BY: NADIA ZAIDI
“This is a man’s world, but it wouldn’t be nothing without a woman or a girl.”
Sure, that’s probably as biased as it gets, but I think we can all agree that both men and women equally make the world a great place.
Still, the majority of developed countries are driven by patriarchal societies. However, there are a few places in the world today that are entirely ruled by women.
A small group of 13,000 indigenous people who live on the Talamanca canton in the Limon province of Costa Rica. The population is organized into small clans, which are determined by the clan a child’s mother belongs to. Here, only women can inherit land and they have the right to prepare the cacao that is used in sacred Bribri rituals.
The Nagovisi people live on an island west of New Guinea. The women here are heavily-involved in leadership and ceremonies. They are entitled to the land, and take pride in working on it. One of the most revolutionary aspects of this society is that marriage is not institutionalized; that means that marriage and gardening are held at the same standard. If a couple is sexually intimate and the man assists the woman in her garden, they are considered married.
A majority population in Ghana. The society is built around a system called matriclan, in which one’s entire identity, wealth, inheritance and politics are predetermined. All the founders of the matriclan are female. Even though males are typically in leadership positions in this society, the inherited roles are passed down through a man’s mother or sisters. Men in this society are expected to support their families as well as those of his female relatives.
The Minangkabau live in west Sumatra in Indonesia, and are comprised of 4 million people – the largest matriarchal society in the world. They believe that mothers are the most important people in society, and this dictates a tribal law that requires all property to be held and transferred from mother to daughter.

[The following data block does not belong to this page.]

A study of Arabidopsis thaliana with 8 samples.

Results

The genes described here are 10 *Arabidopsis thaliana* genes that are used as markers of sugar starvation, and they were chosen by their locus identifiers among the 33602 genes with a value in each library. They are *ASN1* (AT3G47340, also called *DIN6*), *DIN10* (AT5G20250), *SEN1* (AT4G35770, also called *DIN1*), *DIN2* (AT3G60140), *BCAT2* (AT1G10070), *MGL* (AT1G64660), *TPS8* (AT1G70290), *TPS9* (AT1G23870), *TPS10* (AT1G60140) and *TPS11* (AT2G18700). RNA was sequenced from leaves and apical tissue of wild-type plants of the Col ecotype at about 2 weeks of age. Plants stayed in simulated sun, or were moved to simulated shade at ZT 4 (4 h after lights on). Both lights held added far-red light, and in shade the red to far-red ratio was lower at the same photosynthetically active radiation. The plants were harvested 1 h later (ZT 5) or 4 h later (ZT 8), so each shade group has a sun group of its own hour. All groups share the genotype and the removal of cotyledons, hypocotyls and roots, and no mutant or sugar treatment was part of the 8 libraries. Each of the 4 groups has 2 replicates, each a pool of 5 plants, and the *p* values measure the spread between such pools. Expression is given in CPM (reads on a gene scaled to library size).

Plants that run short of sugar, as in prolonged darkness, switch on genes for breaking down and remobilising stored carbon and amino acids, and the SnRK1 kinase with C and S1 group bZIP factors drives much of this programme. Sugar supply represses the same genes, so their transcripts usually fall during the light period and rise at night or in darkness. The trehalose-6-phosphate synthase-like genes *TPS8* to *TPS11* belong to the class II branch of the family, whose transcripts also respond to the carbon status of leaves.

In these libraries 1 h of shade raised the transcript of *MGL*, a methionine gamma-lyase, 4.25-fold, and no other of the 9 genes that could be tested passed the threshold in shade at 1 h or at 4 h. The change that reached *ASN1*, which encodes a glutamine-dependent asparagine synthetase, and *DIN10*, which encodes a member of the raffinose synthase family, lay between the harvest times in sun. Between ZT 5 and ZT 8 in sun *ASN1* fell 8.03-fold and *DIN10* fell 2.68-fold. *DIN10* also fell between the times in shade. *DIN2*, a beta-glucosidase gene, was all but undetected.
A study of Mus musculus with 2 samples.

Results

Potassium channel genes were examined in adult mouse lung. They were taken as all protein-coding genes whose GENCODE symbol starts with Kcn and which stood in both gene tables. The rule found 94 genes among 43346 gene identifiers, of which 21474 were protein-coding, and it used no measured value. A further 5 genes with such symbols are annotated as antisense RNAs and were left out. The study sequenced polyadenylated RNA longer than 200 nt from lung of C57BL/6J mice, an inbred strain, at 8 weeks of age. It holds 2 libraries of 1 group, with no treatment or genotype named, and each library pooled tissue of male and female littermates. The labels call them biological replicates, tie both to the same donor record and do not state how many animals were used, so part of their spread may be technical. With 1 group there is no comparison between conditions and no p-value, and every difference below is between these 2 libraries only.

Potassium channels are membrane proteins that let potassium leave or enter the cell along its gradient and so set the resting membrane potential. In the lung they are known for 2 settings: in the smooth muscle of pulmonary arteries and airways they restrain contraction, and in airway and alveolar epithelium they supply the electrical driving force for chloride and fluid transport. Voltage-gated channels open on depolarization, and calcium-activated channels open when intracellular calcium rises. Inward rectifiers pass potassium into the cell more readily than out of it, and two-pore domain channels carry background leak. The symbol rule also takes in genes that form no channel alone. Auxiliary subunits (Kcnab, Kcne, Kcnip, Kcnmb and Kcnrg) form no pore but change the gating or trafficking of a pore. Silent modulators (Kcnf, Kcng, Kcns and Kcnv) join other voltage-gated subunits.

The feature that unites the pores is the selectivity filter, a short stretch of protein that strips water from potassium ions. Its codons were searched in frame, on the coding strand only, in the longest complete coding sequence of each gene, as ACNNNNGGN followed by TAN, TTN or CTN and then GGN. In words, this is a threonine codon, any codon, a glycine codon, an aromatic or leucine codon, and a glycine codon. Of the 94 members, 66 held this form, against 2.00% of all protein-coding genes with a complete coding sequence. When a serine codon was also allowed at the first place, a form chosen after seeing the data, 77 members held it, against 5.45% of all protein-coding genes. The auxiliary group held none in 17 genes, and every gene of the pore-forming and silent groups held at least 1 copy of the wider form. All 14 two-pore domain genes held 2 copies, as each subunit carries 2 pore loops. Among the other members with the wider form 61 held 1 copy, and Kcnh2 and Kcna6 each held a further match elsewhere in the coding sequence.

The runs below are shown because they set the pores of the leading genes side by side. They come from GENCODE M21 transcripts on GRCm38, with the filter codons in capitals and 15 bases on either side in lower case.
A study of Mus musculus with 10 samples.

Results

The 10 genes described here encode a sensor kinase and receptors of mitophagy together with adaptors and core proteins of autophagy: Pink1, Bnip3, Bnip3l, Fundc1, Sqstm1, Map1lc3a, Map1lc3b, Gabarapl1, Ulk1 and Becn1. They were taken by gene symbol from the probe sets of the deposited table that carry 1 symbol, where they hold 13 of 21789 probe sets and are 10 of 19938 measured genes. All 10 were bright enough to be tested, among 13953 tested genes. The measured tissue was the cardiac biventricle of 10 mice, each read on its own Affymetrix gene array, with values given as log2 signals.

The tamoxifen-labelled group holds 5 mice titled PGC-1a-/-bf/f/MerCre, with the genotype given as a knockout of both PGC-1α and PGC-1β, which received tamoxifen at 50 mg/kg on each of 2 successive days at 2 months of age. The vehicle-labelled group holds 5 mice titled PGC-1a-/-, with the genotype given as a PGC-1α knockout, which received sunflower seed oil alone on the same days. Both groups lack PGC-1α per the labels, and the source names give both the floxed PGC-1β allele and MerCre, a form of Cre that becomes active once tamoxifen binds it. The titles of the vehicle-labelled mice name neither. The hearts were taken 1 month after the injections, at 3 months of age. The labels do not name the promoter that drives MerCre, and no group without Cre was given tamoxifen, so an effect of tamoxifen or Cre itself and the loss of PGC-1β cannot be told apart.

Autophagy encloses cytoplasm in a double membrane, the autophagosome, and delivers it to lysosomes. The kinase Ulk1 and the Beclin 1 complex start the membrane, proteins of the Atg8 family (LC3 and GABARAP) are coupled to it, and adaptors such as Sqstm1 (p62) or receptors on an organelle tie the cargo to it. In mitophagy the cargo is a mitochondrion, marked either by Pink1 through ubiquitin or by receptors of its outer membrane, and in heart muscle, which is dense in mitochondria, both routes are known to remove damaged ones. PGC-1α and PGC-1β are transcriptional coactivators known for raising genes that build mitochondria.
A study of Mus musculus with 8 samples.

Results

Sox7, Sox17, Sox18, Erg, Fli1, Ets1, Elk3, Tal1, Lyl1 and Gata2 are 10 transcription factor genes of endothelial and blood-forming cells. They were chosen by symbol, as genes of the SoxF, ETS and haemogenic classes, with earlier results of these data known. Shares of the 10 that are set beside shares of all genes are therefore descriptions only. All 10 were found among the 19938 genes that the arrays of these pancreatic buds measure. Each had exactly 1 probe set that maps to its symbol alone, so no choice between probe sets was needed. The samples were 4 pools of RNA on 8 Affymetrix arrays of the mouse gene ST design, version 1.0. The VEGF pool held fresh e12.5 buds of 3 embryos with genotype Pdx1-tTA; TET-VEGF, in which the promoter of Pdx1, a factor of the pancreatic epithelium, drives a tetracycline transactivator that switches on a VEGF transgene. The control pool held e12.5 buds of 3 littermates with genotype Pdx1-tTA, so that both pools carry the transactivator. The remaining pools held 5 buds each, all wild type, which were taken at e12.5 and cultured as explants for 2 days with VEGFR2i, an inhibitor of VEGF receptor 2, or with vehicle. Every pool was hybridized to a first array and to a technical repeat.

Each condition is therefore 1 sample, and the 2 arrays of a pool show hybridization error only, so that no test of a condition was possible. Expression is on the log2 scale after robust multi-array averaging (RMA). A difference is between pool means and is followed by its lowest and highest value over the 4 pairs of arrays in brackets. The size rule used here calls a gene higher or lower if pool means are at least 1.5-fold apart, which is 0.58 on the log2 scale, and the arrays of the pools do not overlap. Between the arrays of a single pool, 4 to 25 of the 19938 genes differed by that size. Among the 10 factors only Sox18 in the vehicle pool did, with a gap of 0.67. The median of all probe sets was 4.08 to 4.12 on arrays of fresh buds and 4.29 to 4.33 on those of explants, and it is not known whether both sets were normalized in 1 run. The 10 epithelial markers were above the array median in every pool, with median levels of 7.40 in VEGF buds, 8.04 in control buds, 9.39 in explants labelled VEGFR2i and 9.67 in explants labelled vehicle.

Women rule domestically, and men take on political and spiritual leadership roles. After marriage, women receive their own sleeping quarters, and the husband is required to wake up early in the morning to have breakfast at his mother’s home. When boys are ten years old they have to leave their mother’s home where they are taught practical skills.
The Mosuo people live near the border of Tibet, and are perhaps the most matrilineal society on the planet. They live with extended families in large households and retain the head of each household. Property is awarded through the female, and children are raised to take their mother’s name. Like the Nagovisi tribe, there is no institution of marriage. Women choose their partners by walking to the man’s house and choosing them.
The couples never live together. Since childhood, they are raised solely by their mothers, the father has a small role in their upbringing, and many times his identity is unknown. The male’s childrearing responsibilities remain in his matrilineal household.
So while the majority of the world operates in a male-dominated scope, there is evidence that female-dominated scopes exist and very well put men in their place rather than the other way around.